Following a trial, Twitter has doubled the maximum size of a post from 140 to 280 characters.
Twitter debuted with a 140-character limit (back in 2006) for the practical reason that it matched the limit on text messages at the time.
When I polled my social media followers, the vast majority wanted the limit kept at 140 (you know the drill, you think your own precious thoughts are worth more than 140 characters but you'd rather others kept it brief).
The backlash was made worse by many triallists taking the mickey.
However, in a blog post backed up by usage charts, Twitter says that after the initial blush of 280-character posts simply because they could, triallists reverted to shorter tweets at most times – only stretching beyond 140 characters when they needed to.
280 character support extends to Tweetdeck (owned by Twitter) but other third-party clients have yet to gain support for the feature.
Battle for number two
Why does Twitter suddenly want to give us more powers of expression?
Twitter and Snap are in a race to be the second social network behind Facebook (the far-and-away no 1, with an increase of 70 million users in the third quarter for a total 2.1 billion; its quarterly profit increased 79% to $US4.7 billion on $US10.3 billion revenue).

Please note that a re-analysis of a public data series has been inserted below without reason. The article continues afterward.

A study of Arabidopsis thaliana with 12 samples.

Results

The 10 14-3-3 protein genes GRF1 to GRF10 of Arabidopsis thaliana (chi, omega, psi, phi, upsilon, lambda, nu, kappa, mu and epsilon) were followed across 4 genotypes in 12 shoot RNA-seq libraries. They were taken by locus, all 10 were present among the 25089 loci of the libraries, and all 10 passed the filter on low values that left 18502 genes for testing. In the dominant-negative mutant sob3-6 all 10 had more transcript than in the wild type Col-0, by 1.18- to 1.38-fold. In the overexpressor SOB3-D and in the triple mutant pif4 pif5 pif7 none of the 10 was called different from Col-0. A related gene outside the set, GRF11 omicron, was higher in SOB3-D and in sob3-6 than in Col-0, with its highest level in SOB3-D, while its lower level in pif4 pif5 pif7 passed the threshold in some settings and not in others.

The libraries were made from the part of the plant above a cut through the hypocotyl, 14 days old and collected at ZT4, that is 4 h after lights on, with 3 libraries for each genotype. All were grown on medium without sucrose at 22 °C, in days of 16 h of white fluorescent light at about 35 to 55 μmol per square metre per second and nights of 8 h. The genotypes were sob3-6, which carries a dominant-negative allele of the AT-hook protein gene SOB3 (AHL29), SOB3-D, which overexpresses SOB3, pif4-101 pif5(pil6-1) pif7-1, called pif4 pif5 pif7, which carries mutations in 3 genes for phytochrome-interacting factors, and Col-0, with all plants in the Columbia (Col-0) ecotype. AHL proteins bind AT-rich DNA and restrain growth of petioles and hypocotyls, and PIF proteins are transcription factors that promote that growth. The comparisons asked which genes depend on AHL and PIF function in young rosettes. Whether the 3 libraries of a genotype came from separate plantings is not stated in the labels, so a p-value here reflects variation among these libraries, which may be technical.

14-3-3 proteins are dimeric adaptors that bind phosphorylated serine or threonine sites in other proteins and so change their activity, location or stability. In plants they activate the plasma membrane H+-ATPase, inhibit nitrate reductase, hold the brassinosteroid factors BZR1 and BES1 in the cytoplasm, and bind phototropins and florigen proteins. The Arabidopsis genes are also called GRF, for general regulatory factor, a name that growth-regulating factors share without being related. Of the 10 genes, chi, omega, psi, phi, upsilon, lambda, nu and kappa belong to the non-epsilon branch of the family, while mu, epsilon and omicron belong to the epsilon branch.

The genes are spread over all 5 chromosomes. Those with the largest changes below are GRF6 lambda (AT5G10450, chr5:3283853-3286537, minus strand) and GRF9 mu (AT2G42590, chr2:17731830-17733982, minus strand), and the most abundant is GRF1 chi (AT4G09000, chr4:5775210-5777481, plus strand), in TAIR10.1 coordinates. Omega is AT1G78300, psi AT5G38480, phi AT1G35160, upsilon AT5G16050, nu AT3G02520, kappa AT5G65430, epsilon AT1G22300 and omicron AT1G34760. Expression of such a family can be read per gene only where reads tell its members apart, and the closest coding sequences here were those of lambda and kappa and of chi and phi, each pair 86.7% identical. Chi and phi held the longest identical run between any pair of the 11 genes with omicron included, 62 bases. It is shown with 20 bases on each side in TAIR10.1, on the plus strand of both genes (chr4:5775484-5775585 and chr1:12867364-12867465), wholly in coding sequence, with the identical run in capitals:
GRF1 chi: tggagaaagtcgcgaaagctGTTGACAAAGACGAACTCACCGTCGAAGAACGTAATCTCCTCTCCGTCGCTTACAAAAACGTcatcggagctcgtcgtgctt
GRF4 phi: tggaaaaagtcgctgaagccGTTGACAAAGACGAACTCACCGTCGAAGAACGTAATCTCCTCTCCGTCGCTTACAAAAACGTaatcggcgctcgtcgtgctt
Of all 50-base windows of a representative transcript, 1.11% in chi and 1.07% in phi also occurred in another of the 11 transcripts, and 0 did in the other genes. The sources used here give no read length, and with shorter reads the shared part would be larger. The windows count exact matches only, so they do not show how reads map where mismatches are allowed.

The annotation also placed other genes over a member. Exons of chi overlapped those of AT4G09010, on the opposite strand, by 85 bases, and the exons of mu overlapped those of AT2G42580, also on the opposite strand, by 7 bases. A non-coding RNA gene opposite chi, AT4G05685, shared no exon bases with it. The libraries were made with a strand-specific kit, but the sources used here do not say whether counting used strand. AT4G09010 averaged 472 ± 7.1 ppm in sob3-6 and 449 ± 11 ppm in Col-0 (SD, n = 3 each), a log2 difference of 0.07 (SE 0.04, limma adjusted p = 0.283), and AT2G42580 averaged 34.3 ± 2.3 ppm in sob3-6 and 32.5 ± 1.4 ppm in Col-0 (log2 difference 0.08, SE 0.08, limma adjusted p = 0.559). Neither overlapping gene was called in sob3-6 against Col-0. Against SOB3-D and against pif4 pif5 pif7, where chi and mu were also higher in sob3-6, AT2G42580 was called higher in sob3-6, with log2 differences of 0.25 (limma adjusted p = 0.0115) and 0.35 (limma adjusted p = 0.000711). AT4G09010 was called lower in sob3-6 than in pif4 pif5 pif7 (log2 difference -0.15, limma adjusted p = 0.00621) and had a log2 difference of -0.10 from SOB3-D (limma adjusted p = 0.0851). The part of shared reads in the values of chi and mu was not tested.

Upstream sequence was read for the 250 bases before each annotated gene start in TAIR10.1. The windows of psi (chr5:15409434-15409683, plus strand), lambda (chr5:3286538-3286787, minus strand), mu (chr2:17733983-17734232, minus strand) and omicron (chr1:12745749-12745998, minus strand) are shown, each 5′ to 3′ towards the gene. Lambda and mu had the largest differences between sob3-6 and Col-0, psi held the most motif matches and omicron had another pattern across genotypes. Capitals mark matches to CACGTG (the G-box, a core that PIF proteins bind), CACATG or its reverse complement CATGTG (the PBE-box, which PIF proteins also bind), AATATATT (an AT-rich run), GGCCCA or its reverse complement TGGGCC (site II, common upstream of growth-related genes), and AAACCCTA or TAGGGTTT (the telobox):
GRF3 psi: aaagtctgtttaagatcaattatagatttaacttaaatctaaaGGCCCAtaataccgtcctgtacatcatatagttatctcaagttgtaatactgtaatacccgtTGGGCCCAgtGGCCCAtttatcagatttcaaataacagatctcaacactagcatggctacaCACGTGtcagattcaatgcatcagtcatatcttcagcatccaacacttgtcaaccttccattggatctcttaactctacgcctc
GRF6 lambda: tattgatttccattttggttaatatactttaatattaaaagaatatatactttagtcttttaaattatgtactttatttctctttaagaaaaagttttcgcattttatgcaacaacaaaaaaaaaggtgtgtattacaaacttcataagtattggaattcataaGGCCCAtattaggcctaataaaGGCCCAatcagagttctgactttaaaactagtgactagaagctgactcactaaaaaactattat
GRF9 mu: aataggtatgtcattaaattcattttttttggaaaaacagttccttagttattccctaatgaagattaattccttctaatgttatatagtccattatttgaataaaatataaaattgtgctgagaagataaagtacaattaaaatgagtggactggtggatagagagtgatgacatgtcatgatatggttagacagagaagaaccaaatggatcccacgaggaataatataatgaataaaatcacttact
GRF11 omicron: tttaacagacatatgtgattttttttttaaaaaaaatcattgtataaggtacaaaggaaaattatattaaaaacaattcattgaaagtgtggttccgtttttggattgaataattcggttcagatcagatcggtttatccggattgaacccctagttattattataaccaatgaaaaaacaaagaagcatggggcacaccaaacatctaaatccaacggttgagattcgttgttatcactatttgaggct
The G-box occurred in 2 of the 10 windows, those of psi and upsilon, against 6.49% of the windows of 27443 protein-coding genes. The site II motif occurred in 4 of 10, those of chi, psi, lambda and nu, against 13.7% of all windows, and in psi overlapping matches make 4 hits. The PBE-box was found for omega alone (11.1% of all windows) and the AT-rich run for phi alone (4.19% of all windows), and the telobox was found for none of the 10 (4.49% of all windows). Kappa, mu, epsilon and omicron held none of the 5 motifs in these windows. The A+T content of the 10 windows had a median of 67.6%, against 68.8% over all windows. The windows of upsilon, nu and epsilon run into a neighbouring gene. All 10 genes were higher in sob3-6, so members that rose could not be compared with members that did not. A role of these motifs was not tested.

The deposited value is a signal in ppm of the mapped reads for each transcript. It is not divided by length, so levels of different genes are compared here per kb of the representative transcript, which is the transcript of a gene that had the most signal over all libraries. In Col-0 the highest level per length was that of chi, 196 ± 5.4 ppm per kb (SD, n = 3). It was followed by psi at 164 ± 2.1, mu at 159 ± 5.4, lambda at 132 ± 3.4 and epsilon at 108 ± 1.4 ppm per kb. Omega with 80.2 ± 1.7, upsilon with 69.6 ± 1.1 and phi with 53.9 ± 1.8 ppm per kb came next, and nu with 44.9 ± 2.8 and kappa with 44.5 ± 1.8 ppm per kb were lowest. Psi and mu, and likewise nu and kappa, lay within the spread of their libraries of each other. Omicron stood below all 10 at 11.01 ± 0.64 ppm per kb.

Twitter recently reported 328 million monthly active users in the first quarter, a static 328 million in the second and 330 million in the third quarter as it lost $US21 million on revenue of $US574 million.
Today, Snapchat owner Snap's shares plunged 20% after it revealed it had tripled its quarterly loss to $US443.2 million on revenue that rose 62% to $US207.9 million (no, those figures aren't transposed).
Snap's result wasn't helped by a $US39 million charge for excess inventory – largely its Spectacles or camera-equipped glasses.
As with Twitter, user growth is stalling (Snapchat has around 300 million monthly users). Both face copycat tactics employed by the Facebook-owned Instagram.
Chief executive and co-founder Evan Spiegel says Snap will be redesigned to make it easier to use. But even if he succeeds, a broader question will linger: How can Snapchat monetise its service? Those darn Millennials just don't like ads — putting them in the same bucket as every other generation.